Preliminary action to take for someone with type 2 diabetes
The person in your care has just been diagnosed with type 2 diabetes, and you're not sure how to help her handle this chronic condition. Here are nine things you can do right now to make sure her treatment is on track.
1. Offer support.
People react to a diabetes diagnosis in different ways. Some take it in stride. Others struggle with the information. Denial, fear, anxiety, anger, sadness, depression, and grief are all common responses. In time, the emotional roller-coaster will pass. For now, though, the person in your care needs your encouragement, empathy, patience, and understanding -- or just your ear so she can vent. It's important to listen without passing judgment or offering advice. Remember, too: While this is a serious problem, it's not insurmountable. You can assist by staying positive yourself and helping her learn to manage the condition.
2. Find the health professionals she needs.
With a diabetes diagnosis, she'll need to take a lot of responsibility for managing her own condition. But she doesn't have to go it alone. A variety of healthcare providers -- including doctors, nurses, diabetes educators, dietitians, social workers, and others -- can help. Working together as a team , these professionals provide ongoing care, education, and support to help her live a healthy life with diabetes. You can help her line them up so she doesn't feel overwhelmed by the task.
3. Sign her up for a class.
There's a lot to learn about diabetes and its treatment. Find a diabetes education class taught by a certified diabetes educator and sign up the person in your care to help her figure out how to manage the condition, organize a treatment plan, and learn new skills. Even better: Go along with her, if you can, and educate yourself about the disease as well. Medicare and most health insurance plans cover this service; check with her plan first to make sure.
4. Buy her a meter.
Talk with her main diabetes doctor, diabetes educator, or pharmacist to help you find the blood glucose meter that best fits her needs and budget. Medicare and most health insurers help pay for diabetes self-testing equipment and supplies, including meters, test strips, and lancets. Find out first what's covered under her plan. And make sure both of you get instruction on how to use a glucose meter from a health professional.
5. Help her make dietary changes.
Both of you need to know how food affects her disease. She'll need to pay more attention to what she eats , when, and how much. Get a recommendation from her main diabetes health provider for a registered dietitian who can assist in planning meals. And if you're doing the cooking, be sure to go along to the appointment to learn how you can help make healthier meals.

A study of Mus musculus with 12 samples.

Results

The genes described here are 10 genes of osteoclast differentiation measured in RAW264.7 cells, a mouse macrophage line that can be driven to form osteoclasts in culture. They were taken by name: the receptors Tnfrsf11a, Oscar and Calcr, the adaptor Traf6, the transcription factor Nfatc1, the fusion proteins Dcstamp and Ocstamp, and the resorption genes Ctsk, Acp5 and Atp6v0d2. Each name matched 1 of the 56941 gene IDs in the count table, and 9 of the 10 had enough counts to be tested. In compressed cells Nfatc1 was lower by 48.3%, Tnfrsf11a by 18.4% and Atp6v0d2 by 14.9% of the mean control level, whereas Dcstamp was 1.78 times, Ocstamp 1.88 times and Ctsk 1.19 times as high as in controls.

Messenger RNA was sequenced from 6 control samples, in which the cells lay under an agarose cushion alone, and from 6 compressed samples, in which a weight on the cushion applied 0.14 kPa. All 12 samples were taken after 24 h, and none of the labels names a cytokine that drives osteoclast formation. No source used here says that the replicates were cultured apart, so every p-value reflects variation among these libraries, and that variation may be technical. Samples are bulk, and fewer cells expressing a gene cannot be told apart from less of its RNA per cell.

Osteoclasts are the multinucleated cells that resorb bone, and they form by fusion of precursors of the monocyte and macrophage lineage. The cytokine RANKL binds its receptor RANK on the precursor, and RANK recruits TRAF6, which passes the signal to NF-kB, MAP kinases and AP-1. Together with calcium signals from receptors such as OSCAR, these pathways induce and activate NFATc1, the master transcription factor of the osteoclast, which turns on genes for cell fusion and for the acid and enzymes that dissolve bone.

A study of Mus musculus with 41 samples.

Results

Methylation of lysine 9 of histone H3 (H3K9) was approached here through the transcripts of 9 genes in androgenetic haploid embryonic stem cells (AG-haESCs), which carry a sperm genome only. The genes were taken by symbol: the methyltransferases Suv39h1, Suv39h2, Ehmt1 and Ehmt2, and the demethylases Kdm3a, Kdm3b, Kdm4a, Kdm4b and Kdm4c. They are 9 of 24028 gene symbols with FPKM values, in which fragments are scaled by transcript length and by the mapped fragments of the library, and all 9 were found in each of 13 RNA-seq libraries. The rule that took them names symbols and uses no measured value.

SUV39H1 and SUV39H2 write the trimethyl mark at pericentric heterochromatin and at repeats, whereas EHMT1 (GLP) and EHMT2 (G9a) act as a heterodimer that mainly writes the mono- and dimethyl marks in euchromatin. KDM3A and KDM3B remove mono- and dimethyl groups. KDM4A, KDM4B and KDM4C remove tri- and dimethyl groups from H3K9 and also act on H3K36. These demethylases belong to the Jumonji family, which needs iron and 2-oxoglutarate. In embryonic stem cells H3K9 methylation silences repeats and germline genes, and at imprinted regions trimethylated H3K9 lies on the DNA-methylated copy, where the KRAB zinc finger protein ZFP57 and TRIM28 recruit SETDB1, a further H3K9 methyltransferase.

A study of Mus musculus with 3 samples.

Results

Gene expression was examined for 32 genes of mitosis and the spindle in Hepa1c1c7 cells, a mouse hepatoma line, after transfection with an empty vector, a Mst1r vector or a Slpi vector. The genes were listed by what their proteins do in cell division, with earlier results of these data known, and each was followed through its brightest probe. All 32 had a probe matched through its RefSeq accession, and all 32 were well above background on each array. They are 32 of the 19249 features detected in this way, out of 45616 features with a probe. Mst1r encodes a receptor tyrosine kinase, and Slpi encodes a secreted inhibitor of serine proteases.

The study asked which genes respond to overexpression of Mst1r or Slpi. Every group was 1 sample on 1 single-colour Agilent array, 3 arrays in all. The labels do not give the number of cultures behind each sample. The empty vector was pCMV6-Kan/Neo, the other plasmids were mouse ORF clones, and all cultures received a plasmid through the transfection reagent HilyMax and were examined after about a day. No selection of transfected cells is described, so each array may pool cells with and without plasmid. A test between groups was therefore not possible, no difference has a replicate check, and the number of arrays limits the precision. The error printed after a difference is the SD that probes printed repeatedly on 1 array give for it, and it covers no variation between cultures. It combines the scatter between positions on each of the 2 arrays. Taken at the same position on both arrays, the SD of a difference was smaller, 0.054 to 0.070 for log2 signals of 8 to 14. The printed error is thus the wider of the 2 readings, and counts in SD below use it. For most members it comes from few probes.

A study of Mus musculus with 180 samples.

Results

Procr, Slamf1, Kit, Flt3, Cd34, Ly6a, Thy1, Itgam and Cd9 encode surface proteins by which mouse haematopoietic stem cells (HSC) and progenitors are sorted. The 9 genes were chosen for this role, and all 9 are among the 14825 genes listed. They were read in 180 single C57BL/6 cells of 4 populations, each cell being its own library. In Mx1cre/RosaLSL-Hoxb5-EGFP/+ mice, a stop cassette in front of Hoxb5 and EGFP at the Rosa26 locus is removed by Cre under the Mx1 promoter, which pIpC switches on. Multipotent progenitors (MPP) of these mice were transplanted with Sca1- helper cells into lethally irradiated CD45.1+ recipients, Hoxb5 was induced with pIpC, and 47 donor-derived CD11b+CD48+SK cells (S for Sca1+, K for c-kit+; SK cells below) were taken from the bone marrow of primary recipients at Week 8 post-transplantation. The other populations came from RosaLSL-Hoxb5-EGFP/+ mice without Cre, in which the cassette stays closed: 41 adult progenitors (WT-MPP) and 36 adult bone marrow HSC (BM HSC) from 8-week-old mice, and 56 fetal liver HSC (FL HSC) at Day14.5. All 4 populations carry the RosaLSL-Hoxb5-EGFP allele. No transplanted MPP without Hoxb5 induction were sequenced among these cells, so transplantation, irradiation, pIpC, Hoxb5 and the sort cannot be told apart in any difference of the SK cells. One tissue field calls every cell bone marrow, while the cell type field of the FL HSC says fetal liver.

6. Encourage her to get active.
Even modest amounts of movement can make a difference in managing this disease. So help her figure out ways to get up and get going . If you can, join her for a walk with the dog or for a round of golf (and if the two of you can manage without it, don't use a cart!).
7. Figure out ways to keep medication records.
It's common to have to take prescription drugs to help treat type 2 diabetes. She may also need to take pills to manage other problems common in people with diabetes, such as high cholesterol or high blood pressure. Or she may take medicines for other, unrelated ailments. Helping her remember to take all her drugs as directed can require a little advance planning. A sheet taped to the fridge, a logbook, an automated pill dispenser, or a computer software program could do the trick.
8. Look for a support group.
Check to see if her local hospital or diabetes center offers a support group, and try to find one geared toward older adults. Her doctor or diab etes educator should be able to help with this. The Defeat Diabetes Foundation lists diabetes support groups in all 50 states. She could also find a virtual support group by searching using the keywords diabetes online support group.
Find out more about type 2 diabetes
9. Educate yourself.
It's not just the person in your care who needs to learn about this disease. If you want to be a valuable partner with her as she manages her condition, you'll need to get up to speed, too. Ask her to let you participate in visits with her primary diabetes care provider if you need more information or have questions about her diagnosis or treatment, or ask her to give her doctor permission to speak with you about it.
Online resources include the website of the American Diabetes Association , the nation's leading health organization for diabetes research, resources, and advocacy; the National Diabetes Education Program of the U.S. National Institutes of Health ; and The National Diabetes Information Clearinghouse , a service of the NIH. The more you learn, the more effective a partner you'll be.